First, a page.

Work with LifeSpan to design a custom immunohistochemistry to address your specific biological question. Outsource the entire localization process without having to
worry about finding and characterizing target specific antibodies, sourcing and validating difficult-to-find tissues, and having the ability to interpret the resulting
immunostaining in relation to complex human pathologies.
TCR Screening Services
Test your therapeutic antibodies in immunohistochemistry against a broad panel of normal frozen human tissue types in order to determine potential unintended binding.
Our non-GLP TCR services are designed on the FDA recommendation outlined in their "Points to Consider in the Manufacture and Testing of Monoclonal Antibody Products for Human Use".
Mouse Monoclonal [clone 1.B.408] (IgG1) to Influenza Virus Influenza A Virus H1
Mouse Monoclonal [clone 58AB7-19-18] (IgG1) to Influenza Virus Influenza A Virus H1
Influenza Virus Influenza A Virus H1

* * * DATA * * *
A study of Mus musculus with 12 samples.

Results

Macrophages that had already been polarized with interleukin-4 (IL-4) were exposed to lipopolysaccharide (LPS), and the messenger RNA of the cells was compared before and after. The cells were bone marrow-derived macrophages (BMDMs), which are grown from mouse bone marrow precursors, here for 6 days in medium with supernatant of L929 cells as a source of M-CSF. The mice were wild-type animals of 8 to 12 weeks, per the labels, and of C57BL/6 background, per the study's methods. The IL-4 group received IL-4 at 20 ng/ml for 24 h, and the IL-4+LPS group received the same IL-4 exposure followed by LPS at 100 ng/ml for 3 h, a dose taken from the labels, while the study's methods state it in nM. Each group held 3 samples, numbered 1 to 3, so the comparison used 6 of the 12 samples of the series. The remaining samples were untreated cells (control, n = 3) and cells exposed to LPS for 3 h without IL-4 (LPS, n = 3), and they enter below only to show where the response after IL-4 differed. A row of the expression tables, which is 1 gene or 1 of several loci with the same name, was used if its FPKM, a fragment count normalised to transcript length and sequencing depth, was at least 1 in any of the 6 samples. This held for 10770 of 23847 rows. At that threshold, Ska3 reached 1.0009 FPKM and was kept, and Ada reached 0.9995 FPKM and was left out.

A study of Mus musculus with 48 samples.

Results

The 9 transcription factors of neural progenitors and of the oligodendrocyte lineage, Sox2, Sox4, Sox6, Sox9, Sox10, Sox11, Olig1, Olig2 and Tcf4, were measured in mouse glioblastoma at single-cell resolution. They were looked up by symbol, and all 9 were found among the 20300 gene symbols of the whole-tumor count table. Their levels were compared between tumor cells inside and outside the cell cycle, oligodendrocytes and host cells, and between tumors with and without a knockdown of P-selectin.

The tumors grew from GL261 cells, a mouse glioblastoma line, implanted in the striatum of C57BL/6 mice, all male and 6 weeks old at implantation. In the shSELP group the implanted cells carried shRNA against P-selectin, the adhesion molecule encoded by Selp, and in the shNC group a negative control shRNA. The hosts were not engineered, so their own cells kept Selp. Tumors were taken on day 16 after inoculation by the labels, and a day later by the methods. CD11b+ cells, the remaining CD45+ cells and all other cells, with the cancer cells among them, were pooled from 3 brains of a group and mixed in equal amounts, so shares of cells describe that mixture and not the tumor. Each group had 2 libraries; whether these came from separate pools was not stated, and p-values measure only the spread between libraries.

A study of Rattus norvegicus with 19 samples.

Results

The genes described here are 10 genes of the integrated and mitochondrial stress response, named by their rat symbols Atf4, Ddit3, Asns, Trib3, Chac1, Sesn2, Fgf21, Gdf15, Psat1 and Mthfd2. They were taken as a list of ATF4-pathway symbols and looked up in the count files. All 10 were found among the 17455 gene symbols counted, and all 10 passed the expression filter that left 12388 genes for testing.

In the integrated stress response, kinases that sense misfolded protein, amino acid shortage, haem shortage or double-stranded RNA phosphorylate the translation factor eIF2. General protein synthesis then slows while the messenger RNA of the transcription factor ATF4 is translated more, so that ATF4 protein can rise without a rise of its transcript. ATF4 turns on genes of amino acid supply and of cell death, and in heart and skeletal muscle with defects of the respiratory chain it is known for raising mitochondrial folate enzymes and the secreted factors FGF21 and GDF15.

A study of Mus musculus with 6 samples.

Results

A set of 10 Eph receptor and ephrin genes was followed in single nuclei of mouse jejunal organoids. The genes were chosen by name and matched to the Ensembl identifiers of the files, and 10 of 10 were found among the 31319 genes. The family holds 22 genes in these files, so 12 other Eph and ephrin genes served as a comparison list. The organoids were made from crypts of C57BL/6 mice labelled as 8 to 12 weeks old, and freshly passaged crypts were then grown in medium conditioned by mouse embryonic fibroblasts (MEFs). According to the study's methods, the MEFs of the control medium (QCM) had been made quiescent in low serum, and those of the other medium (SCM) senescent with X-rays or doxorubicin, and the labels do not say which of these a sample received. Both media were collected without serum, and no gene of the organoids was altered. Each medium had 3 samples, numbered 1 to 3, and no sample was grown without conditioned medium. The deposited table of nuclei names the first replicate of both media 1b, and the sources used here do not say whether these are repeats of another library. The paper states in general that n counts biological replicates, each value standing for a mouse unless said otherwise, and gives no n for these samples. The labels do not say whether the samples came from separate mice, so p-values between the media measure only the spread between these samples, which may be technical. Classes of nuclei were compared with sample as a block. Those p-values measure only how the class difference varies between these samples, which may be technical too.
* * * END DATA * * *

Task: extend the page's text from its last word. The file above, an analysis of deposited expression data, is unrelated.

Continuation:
Influenza Virus (tested or 100% immunogen sequence identity)
IgG1 Monoclonal [58AB7-19-18]
Immunofluorescence (1:25 - 1:100)
Specificity and Use
Specific for the Influenza A H1 antigen Recognizes most H1N1 strains isolated in California since 1986, including A/Taiwan/1/86 and A/USSR/90/77. Some cross reactivity has been observed with A/Texas/36/91 and the New Caledonia strain seen after 1998. Does not recognize the following H3N2 strains: A/Wuhan/396/95, A/Johannesburg/33/94, A/Shandung/93, A/Shanghai/16/89, all CA strains isolated from 1986 to the present.
PBS, 0.09% sodium azide.
Short term: 4°C. Long term: Store at -20°C. Avoid freeze-thaw cycles.
For research use only.
About Influenza A Virus H1
Influenza hemagglutinin (HA) is a glycoprotein found on the surface of the influenza viruses. It is responsible for binding the virus to cells with sialic acid on the membranes, such as cells in the upper respiratory tract or erythrocytes. It is also responsible for the fusion of the viral envelope with the endosome membrane, after the pH has been reduced. The name "hemagglutinin" comes from the protein's ability to cause red blood cells (erythrocytes) to clump together ("agglutinate") in vitro.